IR tester

How to use an IR tester

An IR tester, also known as a Megger insulation resistance tester, can be particularly useful when carrying out electrical work. It is important to ensure that you have not made any wiring mistakes or caused any damage to the insulation. 

The first step

The first step is to turn off the power to the circuits you intend to test. Suppose there is any uncertainty as to which breakers or fuses are responsible for controlling the circuits. In that case, the main breaker should be switched off, and a note placed on the breaker panel to advise others not to switch the power back on while you are working on the circuits. If it is at all possible, it would be a good idea for you to lock the switch closed. 

The second step

The next step is to prepare a table in which the insulation values from your tests can be recorded. When dealing with a 110 volt circuit, spaces should be left for the insulation test results between the white wire and the black wire and the insulation between the ground and each wire. 

When dealing with a 220 volt circuit spaces should be left for the results of the insulation tests between all of the three wires in addition to the other two and also between all of the three wires and the ground. For equipment like an appliance or circuit breaker space should be left for insulation values between all the terminals as well as every terminal and ground. 

The third step

The third step is to choose 500 or 1000 volts DC as the test voltage setting on your IR tester, depending on the particular model you intend to use. It is important to check if the model being used comes with an integrated voltage tester for use with live circuits. If this is not the case, the tested circuits should be checked with a voltage tester to ensure they are not live.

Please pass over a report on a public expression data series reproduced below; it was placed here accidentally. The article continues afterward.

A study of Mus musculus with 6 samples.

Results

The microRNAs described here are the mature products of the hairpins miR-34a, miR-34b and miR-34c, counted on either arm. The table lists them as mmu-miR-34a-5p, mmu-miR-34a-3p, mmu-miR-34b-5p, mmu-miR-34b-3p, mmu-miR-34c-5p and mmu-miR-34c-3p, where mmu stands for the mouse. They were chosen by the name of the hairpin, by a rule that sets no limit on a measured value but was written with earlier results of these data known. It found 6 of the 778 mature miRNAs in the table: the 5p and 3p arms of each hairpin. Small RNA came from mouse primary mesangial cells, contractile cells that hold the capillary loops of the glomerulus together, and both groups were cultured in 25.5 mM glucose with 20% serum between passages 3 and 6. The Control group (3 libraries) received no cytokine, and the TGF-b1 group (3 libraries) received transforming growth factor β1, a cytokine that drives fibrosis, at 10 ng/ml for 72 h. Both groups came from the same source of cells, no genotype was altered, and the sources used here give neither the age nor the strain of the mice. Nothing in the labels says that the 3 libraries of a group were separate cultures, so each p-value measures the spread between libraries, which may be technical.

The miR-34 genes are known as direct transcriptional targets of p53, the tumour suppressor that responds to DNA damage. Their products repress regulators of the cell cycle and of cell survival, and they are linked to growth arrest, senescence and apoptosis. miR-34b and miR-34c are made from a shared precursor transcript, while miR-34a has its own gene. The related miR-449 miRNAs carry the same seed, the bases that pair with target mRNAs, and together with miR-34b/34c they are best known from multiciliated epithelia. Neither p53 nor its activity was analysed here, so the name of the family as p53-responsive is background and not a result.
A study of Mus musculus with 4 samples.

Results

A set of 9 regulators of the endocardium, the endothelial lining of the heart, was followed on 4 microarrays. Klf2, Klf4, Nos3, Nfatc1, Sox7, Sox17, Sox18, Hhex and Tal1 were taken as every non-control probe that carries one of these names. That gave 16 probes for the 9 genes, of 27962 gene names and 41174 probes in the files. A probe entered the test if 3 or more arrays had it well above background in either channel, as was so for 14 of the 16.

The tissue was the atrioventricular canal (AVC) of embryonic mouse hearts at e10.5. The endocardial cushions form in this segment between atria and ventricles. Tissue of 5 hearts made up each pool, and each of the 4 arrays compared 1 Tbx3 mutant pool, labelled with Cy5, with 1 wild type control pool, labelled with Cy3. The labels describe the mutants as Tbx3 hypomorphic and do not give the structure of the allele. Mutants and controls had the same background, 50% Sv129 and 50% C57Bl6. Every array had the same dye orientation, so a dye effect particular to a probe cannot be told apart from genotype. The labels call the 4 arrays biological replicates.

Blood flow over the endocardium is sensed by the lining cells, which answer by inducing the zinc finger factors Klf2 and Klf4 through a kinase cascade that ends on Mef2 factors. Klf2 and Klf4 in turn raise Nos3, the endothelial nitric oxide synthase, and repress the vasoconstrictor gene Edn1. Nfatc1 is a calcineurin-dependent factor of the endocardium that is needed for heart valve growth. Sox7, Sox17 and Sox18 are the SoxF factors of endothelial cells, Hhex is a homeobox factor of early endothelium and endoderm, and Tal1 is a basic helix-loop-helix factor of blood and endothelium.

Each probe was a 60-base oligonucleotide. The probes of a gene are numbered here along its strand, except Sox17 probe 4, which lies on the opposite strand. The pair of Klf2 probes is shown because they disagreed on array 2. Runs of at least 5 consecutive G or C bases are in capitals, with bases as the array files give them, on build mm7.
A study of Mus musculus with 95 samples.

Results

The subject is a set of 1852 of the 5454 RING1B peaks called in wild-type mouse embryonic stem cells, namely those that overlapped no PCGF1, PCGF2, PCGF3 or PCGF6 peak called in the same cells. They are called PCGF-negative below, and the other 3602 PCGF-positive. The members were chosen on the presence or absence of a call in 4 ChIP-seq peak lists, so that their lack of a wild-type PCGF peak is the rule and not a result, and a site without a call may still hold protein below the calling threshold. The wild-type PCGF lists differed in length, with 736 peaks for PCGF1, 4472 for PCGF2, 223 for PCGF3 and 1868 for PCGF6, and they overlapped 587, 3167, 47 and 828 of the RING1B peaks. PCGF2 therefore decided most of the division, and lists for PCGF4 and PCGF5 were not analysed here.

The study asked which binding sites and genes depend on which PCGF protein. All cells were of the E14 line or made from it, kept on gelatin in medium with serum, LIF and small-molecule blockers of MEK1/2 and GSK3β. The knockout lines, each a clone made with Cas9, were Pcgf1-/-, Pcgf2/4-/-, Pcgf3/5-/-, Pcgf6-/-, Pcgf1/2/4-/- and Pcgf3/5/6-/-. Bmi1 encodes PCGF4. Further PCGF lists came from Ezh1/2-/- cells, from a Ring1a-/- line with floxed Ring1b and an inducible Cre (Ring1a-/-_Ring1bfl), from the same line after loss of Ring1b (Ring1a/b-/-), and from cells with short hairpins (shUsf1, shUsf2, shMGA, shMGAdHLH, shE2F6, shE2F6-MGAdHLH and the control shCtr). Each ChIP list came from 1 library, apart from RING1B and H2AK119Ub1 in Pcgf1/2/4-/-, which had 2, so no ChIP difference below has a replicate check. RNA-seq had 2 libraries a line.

The positive and negative probes of IR testers should be placed between the two terminals or conductors the insulation resistance of are being tested. When testing insulation resistance to ground, the positive probe should be placed on the grounded metal junction box or the ground wire, with the negative probe placed on the terminal or conductor. The IR tester should be energised for sixty seconds and at the end of the minute test the value of the resistance read and noted in your table. This testing procedure should be continued until values have been placed in all your table’s spaces.

The final step

The final step is to examine the resistance values in your table, all of which should be over 25 megohm. If one value is substantially different from others check connections and do the test again. If a value is less than 25 megohms, check the circuit. 

A wide variety of IR testers are available and using them to test insulation resistance can help to reduce dangers caused by failed or damaged insulation, such as tripping circuit breakers, blowing fuses, and even electric shocks to people who come into contact with wire that is poorly insulated or the metal surrounding it.